Maybe a recession is looming, or maybe not and we are being misled
Finance-market investors are pessimistic: global stock markets fell around the world last week, prompting headlines such as Recession fears prompt selling in global stock markets.
Weak data from Germany and China on Wednesday helped fuel a rush for safe assets like bonds and gold, the BBC said in the report beneath that headline.
Bond market moves pointed to possible recessions in major economies.
Another BBC report, headed Are markets signalling that a recession is due?, examined the unusual phenomenon known in the jargon as an “inverted yield curve”.
This often comes before a recession or at least a significant slowdown in economic growth.
The BBC provided an explanation about the yield curve:
This warning sign is coming from the bond market, the place where governments and companies go to borrow money by selling bonds.
A bond is a promise to make certain payments in the future, usually a large one when the bond “matures” and smaller ones in the interim, typically every six months.
How much investors pay for the bond determines the yield they will get – the higher the price, the lower the yield.
One factor affecting the yield that investors want is how long they have to wait for the big final payment.
Usually, a longer wait means they expect a higher yield.
It compensates them for tying their money up for longer, when there is more risk that unexpected inflation could erode the value of their returns.
Recession concerns were raised in Germany, too, as that country slipped back into negative growth. Negative growth? It’s an economist’s way of saying the economy is shrinking.
A decline in exports dampened growth, according to official data, which comes amid concerns of a global slowdown.
Gross domestic product (GDP) fell by 0.1% compared with the previous quarter, according to the Federal Statistics Office.
That takes the annual growth rate down to 0.4%. Germany, Europe’s largest economy, narrowly avoided a recession last year.
The NZ Herald at the weekend reproduced a Washington Post article headed A recession will come, but how bad will it be?
This said a recession is coming.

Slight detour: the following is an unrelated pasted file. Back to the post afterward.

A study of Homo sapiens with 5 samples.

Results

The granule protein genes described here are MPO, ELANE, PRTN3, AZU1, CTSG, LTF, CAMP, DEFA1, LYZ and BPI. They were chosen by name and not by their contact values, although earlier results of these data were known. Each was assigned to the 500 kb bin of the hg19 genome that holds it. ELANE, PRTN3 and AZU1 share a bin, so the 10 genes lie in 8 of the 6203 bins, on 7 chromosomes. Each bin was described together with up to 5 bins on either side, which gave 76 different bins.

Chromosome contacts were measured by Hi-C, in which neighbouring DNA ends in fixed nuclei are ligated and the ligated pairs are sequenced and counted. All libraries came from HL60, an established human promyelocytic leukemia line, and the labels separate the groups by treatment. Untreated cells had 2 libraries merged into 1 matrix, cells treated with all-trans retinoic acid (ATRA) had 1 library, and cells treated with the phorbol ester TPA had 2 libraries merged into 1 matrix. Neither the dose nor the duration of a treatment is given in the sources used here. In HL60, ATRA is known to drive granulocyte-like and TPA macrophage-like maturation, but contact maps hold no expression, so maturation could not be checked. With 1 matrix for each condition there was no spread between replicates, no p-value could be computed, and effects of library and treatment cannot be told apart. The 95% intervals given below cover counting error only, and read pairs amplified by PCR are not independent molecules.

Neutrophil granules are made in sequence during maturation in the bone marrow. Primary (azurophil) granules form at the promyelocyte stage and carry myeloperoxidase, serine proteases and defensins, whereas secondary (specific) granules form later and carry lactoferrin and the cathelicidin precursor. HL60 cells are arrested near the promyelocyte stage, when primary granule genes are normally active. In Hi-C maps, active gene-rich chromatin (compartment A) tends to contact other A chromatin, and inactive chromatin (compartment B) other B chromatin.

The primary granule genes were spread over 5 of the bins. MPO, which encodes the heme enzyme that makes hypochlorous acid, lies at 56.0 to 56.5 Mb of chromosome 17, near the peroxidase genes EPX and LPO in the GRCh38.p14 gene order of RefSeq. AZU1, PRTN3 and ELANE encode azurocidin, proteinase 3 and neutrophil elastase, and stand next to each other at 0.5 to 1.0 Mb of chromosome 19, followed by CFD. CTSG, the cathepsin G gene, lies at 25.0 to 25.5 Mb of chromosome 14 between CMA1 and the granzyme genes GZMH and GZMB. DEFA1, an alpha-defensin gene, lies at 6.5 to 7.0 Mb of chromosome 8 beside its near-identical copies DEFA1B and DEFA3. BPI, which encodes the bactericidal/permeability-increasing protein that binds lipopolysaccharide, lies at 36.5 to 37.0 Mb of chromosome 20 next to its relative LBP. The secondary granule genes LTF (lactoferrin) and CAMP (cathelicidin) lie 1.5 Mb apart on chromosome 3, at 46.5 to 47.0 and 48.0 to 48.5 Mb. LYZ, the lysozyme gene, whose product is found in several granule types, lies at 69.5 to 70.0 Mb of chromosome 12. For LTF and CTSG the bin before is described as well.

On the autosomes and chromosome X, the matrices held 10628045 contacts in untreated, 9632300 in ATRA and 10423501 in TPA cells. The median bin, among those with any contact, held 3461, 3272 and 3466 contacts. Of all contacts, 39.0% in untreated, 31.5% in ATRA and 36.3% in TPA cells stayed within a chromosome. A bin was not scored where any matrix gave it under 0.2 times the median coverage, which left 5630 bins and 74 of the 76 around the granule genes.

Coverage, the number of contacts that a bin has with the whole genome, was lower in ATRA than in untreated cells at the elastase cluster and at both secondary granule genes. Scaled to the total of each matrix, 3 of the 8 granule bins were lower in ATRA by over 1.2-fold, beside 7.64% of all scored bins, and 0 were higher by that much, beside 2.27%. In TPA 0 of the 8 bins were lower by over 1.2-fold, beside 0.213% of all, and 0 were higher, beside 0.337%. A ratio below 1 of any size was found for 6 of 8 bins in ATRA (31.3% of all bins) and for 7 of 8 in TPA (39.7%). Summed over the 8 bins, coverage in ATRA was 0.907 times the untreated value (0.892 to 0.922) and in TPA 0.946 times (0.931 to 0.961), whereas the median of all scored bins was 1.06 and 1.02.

But despite this week’s warning signs, we have little idea when. It could be imminent, or the economy could chug along until the heat death of the universe or, as we might call it, the Greatest Depression.
The article in the Herald also examined the question of how bad the next recession might be. This calls for a talent for seeing into the future which we doubt can be found either at the Herald or the Washington Post – or, indeed, anywhere else.
The answer accordingly was ambivalent:
How bad will the next recession be? Prognostications vary, and we don’t have great data on future events. But we’ve got plenty on what happened in the past, and we can look there for clues.
About 40 million US adults haven’t experienced a recession during their working lives.
Almost as many, including most millennials, have experienced only one since they turned 18.
That recession, the devastating Great Recession from December 2007 to June 2009, was (hopefully) not representative.
There have been 11 recessions since World War II. On average, they lasted 11.1 months, according to the official scorekeepers at the National Bureau of Economic Research. The shortest was over in just six months (1980) and is often counted alongside a follow-up recession in 1981-1982, while the longest lasted 18 months (2007-2009).
But before readers take defensive action with their investment portfolios – or worse, throw themselves from the top floor of their office building – hear this:
The White House reckons talk of a recession is fake news.
According to the Financial Times, top White House officials have dismissed concerns about a looming recession.
But they said the Trump administration was considering more fiscal stimulus, including a new round of tax cuts funded by tariffs.
“I don’t see a recession at all,” Larry Kudlow, the top White House economic official, told Fox News Sunday.
Last week, the US yield curve, widely seen as a reliable predictor of recessions, turned upside down for the first time since the summer of 2007, rattling global stock markets. But on Sunday, Mr Kudlow, director of the National Economic Council, rejected suggestions that the economy was heading for a downturn.
He cited data showing US retail sales rose 0.7 per cent in July, compared with 0.3 per cent the month before, as well as strong employment and consumer spending figures as evidence of the strength of the US economy.
“That is about as good as it gets,” Mr Kudlow said. “I think we are in pretty good shape.”
Has this relaxed you, dear reader?
Then read on:
In December 2007, in the run-up to the financial crisis, Mr Kudlow, who was a journalist at the time, said: “There’s no recession coming . . . the pessimists are wrong. It’s not going to happen.”
When asked about those comments on NBC’s Meet the Press on Sunday, Mr Kudlow said he pleaded “guilty to that late 2007 forecast”.
But he added: “This is not then. Our banks are well capitalised. Our financial system’s in very good shape.” “We’re doing pretty darn well in my judgment. Let’s not be afraid of optimism.”
Good advice. Trouble is, we may have to take a trip to Washington and the White House to find the optimism we should not be afraid of.